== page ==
What Is Considered a Long-Term Injury?

A long-term injury, also known as a residual injury, is any medical problem that involves lingering symptoms or limitations. Long-term injuries include permanent disabilities. However, you could still have a long-term injury even if you aren’t considered to be permanently disabled. The nature of an injury is significant in personal injury law. Generally speaking, the more severe and long-lasting an injury is, the more compensation you are likely to receive from an insurance company or jury award. At Ellis Injury Law in Southern California, our personal injury lawyers make every effort to secure maximum compensation on behalf of our seriously injured clients. 

Common types of long-term injuries 

Healthcare providers define a chronic or long-term injury as anything that causes symptoms for at least three months or longer. In personal injury cases, long-term injuries often include the following: 

  • Traumatic brain injuries: A brain injury can result in permanent changes to one’s cognitive, emotional, and behavioral wellness. Patients may suffer from persistent headaches, sensory deficits, and mental health symptoms. A severe TBI may even result in a vegetative state. 
  • Spinal cord damage: Any trauma to the sensitive spinal cord can result in permanent paralysis. Victims may lose the ability to feel and move their lower body or their entire body. 
  • Back injuries: Even when the spinal cord isn’t damaged, a back injury can result in ongoing pain and permanent disability. Some examples of back injuries include fractured vertebrae and ruptured discs. 
  • Burn injuries: Severe, third-degree burns can result in substantial trauma to muscles and other tissues. Victims may need multiple skin graft surgeries, and even afterward it’s still likely they will suffer from permanent disfigurement. Even if the burn injury isn’t deep, it’s considered severe if it affects a sensitive area such as the face or hands. The post-surgical development of scar tissue and contractures can result in lingering symptoms and permanent disability. 
  • Amputation: A traumatic amputation is the sudden, unplanned loss of a hand, foot, finger, toe, arm, or leg. Traumatic amputations can occur in severe auto, motorcycle, or truck accidents. Even if a crash victim survives with all their limbs intact, they may later require a planned surgical amputation if the damage is too severe to repair. An amputation results in permanent disability. Typically, it also results in the significant impairment of one’s ability to work and care for oneself.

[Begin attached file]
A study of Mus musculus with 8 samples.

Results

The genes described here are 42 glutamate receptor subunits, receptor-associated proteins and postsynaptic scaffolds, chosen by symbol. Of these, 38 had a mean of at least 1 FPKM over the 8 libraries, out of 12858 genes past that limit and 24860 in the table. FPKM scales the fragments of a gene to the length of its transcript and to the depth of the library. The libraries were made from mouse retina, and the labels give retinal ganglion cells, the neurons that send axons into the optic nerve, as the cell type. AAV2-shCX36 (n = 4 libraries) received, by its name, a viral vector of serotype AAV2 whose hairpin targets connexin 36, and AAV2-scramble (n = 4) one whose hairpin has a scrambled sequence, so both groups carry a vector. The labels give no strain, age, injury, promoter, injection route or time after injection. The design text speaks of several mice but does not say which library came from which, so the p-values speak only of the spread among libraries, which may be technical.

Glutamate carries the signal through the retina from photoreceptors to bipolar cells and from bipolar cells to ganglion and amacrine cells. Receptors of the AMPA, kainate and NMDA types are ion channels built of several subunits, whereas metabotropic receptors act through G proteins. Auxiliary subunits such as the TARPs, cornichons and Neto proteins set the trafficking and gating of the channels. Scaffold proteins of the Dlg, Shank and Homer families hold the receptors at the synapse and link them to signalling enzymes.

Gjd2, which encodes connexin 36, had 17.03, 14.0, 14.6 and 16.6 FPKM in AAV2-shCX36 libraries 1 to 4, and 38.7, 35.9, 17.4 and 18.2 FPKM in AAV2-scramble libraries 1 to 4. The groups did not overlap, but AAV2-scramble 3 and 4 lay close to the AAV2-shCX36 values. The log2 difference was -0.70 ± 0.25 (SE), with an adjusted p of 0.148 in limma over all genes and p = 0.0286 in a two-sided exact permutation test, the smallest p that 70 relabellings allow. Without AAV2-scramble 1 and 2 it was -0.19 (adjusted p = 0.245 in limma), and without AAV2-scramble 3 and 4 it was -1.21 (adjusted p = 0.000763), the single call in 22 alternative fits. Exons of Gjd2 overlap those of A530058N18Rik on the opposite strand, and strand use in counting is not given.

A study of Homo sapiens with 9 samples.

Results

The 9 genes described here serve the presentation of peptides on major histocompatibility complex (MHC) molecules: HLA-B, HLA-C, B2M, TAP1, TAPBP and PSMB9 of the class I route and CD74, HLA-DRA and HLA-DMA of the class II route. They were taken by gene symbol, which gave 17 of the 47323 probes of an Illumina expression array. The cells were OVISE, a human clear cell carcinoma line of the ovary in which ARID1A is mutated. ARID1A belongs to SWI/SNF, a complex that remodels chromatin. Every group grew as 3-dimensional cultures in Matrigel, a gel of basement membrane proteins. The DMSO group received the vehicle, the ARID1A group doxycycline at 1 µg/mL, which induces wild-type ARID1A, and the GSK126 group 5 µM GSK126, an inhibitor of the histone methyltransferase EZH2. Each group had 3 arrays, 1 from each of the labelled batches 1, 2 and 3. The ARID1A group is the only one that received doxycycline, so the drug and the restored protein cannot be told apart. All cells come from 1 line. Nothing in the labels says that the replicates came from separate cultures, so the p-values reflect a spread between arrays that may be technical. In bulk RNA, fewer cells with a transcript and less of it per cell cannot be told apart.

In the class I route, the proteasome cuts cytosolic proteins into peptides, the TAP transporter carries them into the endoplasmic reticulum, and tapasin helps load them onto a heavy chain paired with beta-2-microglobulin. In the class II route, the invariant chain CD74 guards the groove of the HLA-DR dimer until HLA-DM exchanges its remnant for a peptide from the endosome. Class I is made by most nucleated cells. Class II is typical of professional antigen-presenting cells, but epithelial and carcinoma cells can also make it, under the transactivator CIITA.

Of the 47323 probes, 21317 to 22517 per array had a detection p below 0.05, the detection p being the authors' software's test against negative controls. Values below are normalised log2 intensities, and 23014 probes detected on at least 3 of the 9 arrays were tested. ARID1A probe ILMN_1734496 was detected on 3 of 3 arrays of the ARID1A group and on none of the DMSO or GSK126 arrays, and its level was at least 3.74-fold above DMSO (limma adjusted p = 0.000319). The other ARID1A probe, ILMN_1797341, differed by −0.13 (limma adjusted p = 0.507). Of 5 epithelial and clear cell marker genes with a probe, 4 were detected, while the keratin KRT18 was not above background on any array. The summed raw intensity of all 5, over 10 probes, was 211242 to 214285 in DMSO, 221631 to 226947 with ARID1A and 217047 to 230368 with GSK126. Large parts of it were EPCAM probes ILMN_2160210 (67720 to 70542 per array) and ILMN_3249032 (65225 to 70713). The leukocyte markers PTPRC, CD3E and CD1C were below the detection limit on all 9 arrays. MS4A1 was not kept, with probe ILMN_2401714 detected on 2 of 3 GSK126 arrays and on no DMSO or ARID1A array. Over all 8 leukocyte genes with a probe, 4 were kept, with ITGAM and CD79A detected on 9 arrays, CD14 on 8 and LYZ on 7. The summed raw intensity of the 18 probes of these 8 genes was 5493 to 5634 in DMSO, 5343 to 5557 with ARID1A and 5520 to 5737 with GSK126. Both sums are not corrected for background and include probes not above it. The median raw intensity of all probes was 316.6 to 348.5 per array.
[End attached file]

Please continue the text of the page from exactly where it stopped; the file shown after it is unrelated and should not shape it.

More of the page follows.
These are just a few of the most common examples of long-term injuries. Any injury can be considered long-term if the symptoms linger for weeks to months, or if the patient has lasting limitations in their physical or cognitive capabilities. 

Are long-term injury claims worth more? 

Long-term injuries add a deeper level of complexity to the task of calculating the value of an injury claim. Like short-term injury claims, long-term injury claims will typically involve damages for medical expenses and lost wages. However, unlike short-term injuries, residual injuries are likely to continue to incur expenses over the coming months or perhaps years. Because of this, it’s necessary to request damages for the anticipated future medical expenses. These might include additional surgeries and hospitalizations, pharmaceutical expenses, durable medical equipment, home health aides, and physical therapy. The anticipated future medical expenses will be added to the request for damages. 

In addition, long-term injuries tend to generate more non-economic damages. Unlike economic damages, non-economic damages are subjective in nature and even more difficult to calculate than anticipated future expenses. In general, however, the more severe an injury is, the higher the non-economic damages will be. These include pain and suffering, mental anguish, loss of consortium, and loss of enjoyment of life. To improve your chances of securing maximum compensation for your losses, it’s important to keep detailed records of the extent to which your long-term injuries affect your daily activities and capabilities. 

Consult the personal injury team at Ellis Injury Law 

Throughout Southern California, injured individuals put their trust in experienced Los Angeles personal injury lawyers at Ellis Injury Law. With a track record of securing more than $350 million for our clients, we have a reputation for results-driven legal strategies and a client-focused approach. Our personal injury attorneys handle a wide range of cases, including auto, truck, motorcycle, and rideshare accidents, as well as slip and fall premises liability cases. Contact us today to request a free consultation to discuss your options for pursuing legal recourse.